Google renewable energy search
Bill Weihl, Google's green energy czar on the company's top picks for which alt-energy sources will rule the future.
The following is not a full transcript; for full story, listen to audio.
Just how power hungry is internet giant Google? "The Takeaway's" Power Trip heads to the Google campuses in Mountain View, California to find out. John Hockenberry sits down with Bill Weihl, the company's green energy czar (that's his title, no joke). On the interview agenda: the company's top picks for which alt-energy sources will rule the future clean energy economy, including solar with a twist. Plus, Weihl talks about the need for government energy subsidies, and why the company still isn’t talking about the power consumed by a Google search.
Weihl explains what he does: "My job is to make our operations cleaner, and do that in a way that helps the rest of the world get cleaner as well. What I've been doing since I've joining, about three years ago, is trying to figure out how we can reduce our carbon footprint. And we've done a lot internally to make our operations much more energy efficient -- make our servers more efficient, make our data centers more efficient -- but we still have emissions, we still consume energy.
And we have concluded that, as we've looked around at the whole space of renewable energy that there's a really fundamental problem: that at some level the world isn't facing up to it fast enough -- which is that renewable energy is too expensive.
Wind is two times the cost of coal today; geothermal is about the same ... solar ... is five times the cost of coal. So we are very focused on trying to find ways to make renewable energy cheaper, and to do that quickly."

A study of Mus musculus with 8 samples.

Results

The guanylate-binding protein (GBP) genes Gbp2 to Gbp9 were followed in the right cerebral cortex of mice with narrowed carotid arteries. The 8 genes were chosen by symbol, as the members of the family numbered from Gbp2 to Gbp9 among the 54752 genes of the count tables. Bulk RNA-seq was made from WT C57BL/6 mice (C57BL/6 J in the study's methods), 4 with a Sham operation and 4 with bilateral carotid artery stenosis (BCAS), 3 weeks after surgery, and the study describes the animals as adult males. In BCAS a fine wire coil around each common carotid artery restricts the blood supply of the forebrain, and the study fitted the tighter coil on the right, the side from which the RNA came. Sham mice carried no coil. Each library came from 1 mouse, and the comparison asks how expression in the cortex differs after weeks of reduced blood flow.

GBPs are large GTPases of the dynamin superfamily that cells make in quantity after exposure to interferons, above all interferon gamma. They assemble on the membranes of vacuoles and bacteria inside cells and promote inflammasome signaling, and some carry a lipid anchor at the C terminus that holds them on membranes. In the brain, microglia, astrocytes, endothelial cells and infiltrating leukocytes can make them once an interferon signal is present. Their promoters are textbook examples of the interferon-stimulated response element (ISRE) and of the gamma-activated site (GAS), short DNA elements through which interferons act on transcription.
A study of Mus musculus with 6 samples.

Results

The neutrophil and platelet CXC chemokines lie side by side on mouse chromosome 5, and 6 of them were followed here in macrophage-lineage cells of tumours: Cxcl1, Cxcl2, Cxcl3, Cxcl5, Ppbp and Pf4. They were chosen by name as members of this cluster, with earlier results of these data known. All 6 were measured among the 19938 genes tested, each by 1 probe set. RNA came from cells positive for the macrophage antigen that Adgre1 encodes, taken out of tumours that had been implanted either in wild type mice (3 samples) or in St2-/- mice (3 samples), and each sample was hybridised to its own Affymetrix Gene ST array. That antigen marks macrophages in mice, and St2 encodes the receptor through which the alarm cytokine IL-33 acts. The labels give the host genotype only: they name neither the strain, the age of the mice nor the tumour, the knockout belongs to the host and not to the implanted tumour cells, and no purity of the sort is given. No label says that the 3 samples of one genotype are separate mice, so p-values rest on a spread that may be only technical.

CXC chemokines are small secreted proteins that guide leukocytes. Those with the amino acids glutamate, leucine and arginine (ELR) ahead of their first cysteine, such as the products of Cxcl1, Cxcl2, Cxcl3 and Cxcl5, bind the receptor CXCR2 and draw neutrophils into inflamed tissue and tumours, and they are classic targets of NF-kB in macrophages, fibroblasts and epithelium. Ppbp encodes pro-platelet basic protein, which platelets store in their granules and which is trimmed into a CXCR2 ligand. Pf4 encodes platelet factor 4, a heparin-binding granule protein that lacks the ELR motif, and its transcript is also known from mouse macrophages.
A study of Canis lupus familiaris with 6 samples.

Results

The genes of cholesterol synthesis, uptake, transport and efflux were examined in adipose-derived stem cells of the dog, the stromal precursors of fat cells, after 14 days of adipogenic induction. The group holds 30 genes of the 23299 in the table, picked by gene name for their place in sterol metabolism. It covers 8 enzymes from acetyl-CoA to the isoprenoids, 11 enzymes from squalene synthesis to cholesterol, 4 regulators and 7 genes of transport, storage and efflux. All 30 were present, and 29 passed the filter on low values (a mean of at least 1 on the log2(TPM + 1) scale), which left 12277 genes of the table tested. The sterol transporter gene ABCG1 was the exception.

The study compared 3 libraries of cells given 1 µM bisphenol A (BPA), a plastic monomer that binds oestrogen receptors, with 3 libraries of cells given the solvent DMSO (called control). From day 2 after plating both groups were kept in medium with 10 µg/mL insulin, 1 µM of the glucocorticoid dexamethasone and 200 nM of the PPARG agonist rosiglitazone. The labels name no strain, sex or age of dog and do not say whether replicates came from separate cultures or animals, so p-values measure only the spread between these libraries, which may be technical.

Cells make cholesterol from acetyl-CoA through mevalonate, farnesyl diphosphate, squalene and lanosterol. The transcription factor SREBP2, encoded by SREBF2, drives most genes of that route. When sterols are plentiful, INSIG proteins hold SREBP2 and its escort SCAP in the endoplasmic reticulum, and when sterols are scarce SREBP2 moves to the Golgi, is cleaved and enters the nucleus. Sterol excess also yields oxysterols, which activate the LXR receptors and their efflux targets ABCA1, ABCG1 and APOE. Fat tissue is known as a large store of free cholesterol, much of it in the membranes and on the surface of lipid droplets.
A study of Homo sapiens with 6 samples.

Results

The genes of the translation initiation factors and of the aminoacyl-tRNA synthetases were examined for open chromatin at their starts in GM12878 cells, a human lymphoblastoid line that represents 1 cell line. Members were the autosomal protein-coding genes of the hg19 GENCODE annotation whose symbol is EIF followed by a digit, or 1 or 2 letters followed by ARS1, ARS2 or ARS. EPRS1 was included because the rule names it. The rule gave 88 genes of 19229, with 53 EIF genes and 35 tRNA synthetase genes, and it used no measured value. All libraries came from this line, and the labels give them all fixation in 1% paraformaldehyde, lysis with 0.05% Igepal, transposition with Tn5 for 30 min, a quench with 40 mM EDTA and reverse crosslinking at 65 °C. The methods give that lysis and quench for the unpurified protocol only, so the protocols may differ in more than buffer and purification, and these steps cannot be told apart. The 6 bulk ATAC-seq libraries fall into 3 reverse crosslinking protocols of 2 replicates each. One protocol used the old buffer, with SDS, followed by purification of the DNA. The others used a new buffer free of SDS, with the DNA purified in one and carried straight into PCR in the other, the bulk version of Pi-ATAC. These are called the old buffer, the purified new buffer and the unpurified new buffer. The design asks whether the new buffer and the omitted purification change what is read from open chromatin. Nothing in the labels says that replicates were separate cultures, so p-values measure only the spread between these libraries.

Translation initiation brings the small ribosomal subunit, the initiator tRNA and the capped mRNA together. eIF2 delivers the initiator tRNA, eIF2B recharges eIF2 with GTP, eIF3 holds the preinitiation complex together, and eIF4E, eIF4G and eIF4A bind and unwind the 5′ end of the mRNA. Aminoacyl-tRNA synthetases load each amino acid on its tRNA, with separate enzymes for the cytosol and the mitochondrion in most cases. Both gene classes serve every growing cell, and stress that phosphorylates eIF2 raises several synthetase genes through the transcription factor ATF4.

What Google has done is to build some solar arrays; they've bought a fleet of electric cars; they have higher efficiency equipment for all their servers; they've also thrown millions of dollars at a company looking at windmills at high altitudes; they've put money into huge solar plants; and enhanced geothermal.
Weihl explains what that is: "The interesting thing about geothermal is if you drill deep enough, it's hot... traditional geothermal is what people might call hydrothermal power generation. The idea is you look for a place where there is hot water underground, close to the surface. So you don't have to drill very deep ... and you get to a big reservoir of hot water. And then you pull the water out to extract the heat ... to make electricity. The idea with enhanced geothermal is you drill very deep ... and get to an area to where its ... several hundred degrees centigrade, and then fracture the rock to create a space where you can then inject the water, and then cycle that water through to extract the heat.
If it can be made to work at reasonable cost, it has the potential to provide clean power virtually anywhere in the world; and furthermore unlike solar and wind which are intermittent, it's power that's there 24-7."
Weihl says the scale and expense of bringing clean renewable energy to market is too big a job for private energy: "There is clearly a strong role for government to fund either collaborative industry research, or university research, or research at national labs, to really try to drive ... innovation."